Professor Richard Laine of the University of Michigan has discovered an inexpensive and relatively non-toxic method for producing a variety of silicon-based chemicals from sand or rice hull ash and antifreeze.
Once implemented, the new technology has the potential to enable manufacturers to create silicon-based compounds without expensive, high-temperature processing and toxic by-products.
In his original experiments, Laine and several students used beach sand, ethylene glycol (antifreeze) and a caustic to produce silicon-based chemicals that included transparent conducting polymers, flame-resistant polymers, liquid crystalline polymers, and silicate glasses.
Dr Cecil Frye of the Dow Corning Company inspired Laine’s latest work. Based on Frye’s findings, Laine saw the potential for making his process ‘greener’ by reducing the amount of caustic and creating a catalytic reaction.
Laine’s research group believed that this new catalytic approach would open up the process dramatically, making it possible to use almost any source of silica and thus produce a wider range of compounds.
One of those sources was rice hull ash, created as a by-product in the routine burning of thousands of tons of brown rice hulls daily.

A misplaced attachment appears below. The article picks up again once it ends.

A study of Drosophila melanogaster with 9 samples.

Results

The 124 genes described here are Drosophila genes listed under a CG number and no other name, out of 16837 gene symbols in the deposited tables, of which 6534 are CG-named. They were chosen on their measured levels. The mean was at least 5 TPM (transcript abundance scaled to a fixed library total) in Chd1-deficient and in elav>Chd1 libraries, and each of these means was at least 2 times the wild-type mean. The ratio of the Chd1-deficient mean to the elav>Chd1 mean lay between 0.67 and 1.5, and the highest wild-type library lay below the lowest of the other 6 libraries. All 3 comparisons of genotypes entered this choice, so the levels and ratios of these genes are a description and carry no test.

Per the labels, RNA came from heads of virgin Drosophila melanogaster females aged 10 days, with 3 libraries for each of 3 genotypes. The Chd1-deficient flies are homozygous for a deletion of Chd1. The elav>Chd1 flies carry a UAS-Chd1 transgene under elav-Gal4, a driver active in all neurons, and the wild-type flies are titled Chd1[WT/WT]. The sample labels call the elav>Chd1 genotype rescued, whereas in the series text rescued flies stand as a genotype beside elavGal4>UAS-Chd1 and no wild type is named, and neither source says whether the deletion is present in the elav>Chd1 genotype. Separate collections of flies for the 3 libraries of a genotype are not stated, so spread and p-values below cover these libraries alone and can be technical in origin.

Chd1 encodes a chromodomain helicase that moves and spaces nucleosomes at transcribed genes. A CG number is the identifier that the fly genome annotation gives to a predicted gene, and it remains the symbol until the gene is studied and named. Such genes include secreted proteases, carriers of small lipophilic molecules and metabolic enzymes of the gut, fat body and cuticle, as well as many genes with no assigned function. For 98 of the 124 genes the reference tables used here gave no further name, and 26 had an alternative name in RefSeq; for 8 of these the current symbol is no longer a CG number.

Laine’s work has shown that this waste product is capable of yielding numerous novel and common silicon-containing chemicals, polymers, plastics, and even very pure silica which can be employed as a filler for polymers, in paper making and the production of optical glass.
Many polymers and plastics are made from petroleum-derived chemicals rather than silicon. This despite the fact that petroleum comprises less than one percent of the earth’s natural resources while silicon-containing materials account for some 25 percent of the minerals on the planet.
Current technology for producing silicon-based materials is said to use a very old metallurgical process that requires heating minerals such as quartz sand in a furnace at extremely high temperatures, then using an electric current and a carbon compound to remove the oxygen and create an impure silicon metal.
Surprisingly, the process of producing silicon-containing chemicals often involves returning the silicon metal to something approximating its original chemical state. Studies at Dow Corning suggest that 70 percent of the energy consumed in producing these silicon-based chemicals, including silicone rubbers, is lost as gases during the process.
‘We have discovered an extremely low-cost route to silicon-containing chemicals and polymers, with very few of the environmental hazards that are extant in current processes,’ said Laine when comparing traditional manufacturing methods with his new process.
‘Rather than relying on expensive high-temperature processing that generates by-products, we’re looking at a relatively eco-friendly process—one that uses rice hull ash, low-toxicity antifreeze and trace amounts of caustic chemicals to produce a high-quality silica and silicon-containing chemicals, polymers and plastics.’
More on the web at www.talmaterials.com.